Reviewers describe the author Tessa Hadley as being “a meticulous stylist” (National Public Radio); “clear-sighted” (The Guardian); and “a close observer of her characters’ inner worlds” (New York Times Book Review). The consistency of these descriptions (“Hadley’s craft is expertly honed…” Irish Times) told me here is an author I need to experience. In other words, she’s too important to overlook.
Naturally, when I picked up her new collection of short stories, Married Love, I expected to be stunned with the power literature can deliver, but by the third story, I was underwhelmed. What was I missing? I didn’t experience her widely praised precise style and acute perception. I didn’t find myself surprised by exceptional storytelling. But I also didn’t doubt it existed — one can’t be the expert with all types of books and writing — yet I couldn’t believe I’d be so far out of the loop. I put the book down.
Weeks later, looking for a story to read in a limited time slot, I picked it up again and began reading “The Trojan Prince,” the fourth story. I figured I’d chug through it, but then it happened. I was reading as if on a different level, caught up in Hadley’s precise illustration of how we chose adventure over the ordinary, experiencing this common desire with a kind of “aha!” discovery as a boy becomes friends with his more wealthy cousin and another distant relative. And then, her language — it had begun to sing for me — “The two girls pet James and tease him as if he were a pretty, comical doll.”
Was it just this story? I paged back to the second story, “A Mouthful of Cut Glass,” and saw Hadley’s talent again now, as not before, the unique discernment. Here it pierces how we discount our roots when we leave home as university students, but then fall back into our childhood mentality when we return home. “The past’s important,” a character says in another story, “The Godchildren,” and we come to understand Hadley is pressing this point — no matter how much we disassociate from family relations, the impact they have on us remains.
Some switch flipped and turned me on to Hadley’s fine storytelling, and it stayed on ’til the end of the collection. I marveled at how she unravels the small burdens that stamp our lives and how I could experience them with fresh understanding. Yes, the fiction of Tessa Hadley is not to be missed. Even so, not everyone will enjoy Married Love. The stories may be too uneventful in plot, too subtle in conclusion, and yet, therein is their power. If you want to see life in its pinpricks of light, I recommend the collection and suggest you start with “The Trojan Prince.”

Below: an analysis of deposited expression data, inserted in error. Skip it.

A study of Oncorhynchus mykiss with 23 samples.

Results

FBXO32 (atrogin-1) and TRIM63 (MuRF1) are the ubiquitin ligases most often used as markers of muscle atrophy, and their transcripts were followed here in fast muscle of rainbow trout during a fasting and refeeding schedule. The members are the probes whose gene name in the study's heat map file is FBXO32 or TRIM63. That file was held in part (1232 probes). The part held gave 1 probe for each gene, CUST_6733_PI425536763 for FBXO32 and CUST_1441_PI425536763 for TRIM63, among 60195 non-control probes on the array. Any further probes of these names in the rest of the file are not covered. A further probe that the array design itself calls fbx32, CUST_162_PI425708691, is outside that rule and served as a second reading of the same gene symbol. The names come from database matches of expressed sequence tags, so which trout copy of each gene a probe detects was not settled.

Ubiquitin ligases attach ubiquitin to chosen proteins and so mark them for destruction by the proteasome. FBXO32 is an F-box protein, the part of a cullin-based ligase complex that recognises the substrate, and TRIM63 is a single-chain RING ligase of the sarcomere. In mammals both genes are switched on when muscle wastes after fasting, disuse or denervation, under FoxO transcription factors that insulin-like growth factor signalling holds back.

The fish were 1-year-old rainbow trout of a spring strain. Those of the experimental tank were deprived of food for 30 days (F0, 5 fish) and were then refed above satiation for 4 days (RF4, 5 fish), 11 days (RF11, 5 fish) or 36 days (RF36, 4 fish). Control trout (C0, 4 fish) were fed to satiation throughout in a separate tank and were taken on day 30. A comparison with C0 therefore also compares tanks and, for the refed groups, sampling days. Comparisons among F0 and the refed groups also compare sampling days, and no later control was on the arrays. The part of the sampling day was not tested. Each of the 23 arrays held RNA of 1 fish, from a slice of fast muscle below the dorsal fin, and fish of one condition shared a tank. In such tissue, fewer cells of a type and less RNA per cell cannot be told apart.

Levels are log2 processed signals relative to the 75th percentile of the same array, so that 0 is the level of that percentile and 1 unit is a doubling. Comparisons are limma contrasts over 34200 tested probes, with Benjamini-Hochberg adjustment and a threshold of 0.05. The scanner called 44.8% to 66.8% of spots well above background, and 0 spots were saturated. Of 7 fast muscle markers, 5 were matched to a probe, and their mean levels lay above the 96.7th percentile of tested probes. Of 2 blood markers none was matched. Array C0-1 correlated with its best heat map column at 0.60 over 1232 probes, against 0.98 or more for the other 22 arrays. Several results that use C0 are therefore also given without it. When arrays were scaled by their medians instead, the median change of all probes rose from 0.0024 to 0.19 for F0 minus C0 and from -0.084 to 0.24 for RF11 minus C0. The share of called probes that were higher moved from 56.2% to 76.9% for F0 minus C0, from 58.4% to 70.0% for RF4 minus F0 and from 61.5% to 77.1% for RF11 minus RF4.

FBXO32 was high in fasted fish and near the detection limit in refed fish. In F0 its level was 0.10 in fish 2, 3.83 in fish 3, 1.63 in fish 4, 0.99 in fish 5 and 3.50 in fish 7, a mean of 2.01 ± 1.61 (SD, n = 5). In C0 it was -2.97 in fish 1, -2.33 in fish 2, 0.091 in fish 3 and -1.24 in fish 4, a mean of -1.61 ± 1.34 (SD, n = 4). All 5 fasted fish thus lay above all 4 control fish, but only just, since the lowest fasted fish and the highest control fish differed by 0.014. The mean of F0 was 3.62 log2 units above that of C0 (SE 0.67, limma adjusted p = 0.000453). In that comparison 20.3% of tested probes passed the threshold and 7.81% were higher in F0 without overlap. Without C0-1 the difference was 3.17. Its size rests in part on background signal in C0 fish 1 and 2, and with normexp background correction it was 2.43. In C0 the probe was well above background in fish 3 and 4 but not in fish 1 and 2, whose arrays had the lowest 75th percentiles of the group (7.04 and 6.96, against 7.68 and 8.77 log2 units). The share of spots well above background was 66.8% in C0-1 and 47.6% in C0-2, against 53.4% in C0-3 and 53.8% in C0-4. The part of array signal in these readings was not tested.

Tessa Hadley is the author of four novels: Accidents in the Home, Everything Will Be All Right, The Master Bedroom and The London Train. Married Love is her second collection of short stories. Her previous collection is Sunstroke.
4 thoughts on “Reading Tessa Hadley”
I’m not familiar with her work, but I’m glad it grew on you. I heard the critic Christopher Ricks say that he “was out of sympathy with Derek Walcott” meaning he recognized his talent and achievement but that the poems just didn’t speak to him, which sounds like your initial response. I’ve started using that phrase, and I, too am out of sympathy with Walcott.
I hate it when that happens, but I’ve accepted it does. And what a great phrase, “out of sympathy.” Says it well. May have to remember that!
Does this mean that I should have have another go at “Beautiful Ruins,” by Jess Walter? After reading your 12/10/2012 post, “Where’s the Agreement 2012 Best Books,” I raced to the library to check out this well-reviewed book. I am trying to get back into reading fiction again, after years of memoir and essay reading, and this seemed just the ticket. I struggled through a third of it, then took the book back. The prose was flat, the plot contrived, the characters unappealing. How in the world, I wondered with considerable disappointment, did this book make the best-seller list of anything? I noted in your post that you were also looking forward to reading “Beautiful Ruins.” I’d love to know what you thought. Now I’ll put Tess Hadley on my list. I’ll let you know how it goes. M.
If you’re a longtime reader of nonfiction (memoir and essay) switching gears to fiction won’t be a smooth transition. Put another way, I’m not surprised “Beautiful Ruins” didn’t work for you. Your reading needs/expectations are honed to be satisfied by elements of another genre.
I think you’re going to have to endure a hit-and-miss selection period, but I believe if you stick with it, you’ll land at a place where you know what fiction works for you and what doesn’t.
I suggest you check out “The Patrick Melrose Novels” by Edward St. Aubyn. While fiction, they are based on his life. Start from the beginning, with “Never Mind.” Also, before you do that, Google Aubyn’s name and read articles about him. (They’ll likely come up in The Guardian.) His novels are bleak, but very good. Another book that might work for you is Michael Crummy’s “Galore,” set in Newfoundland and rich in folklore and location.(I would look at these suggestions before trying Tessa Hadley.)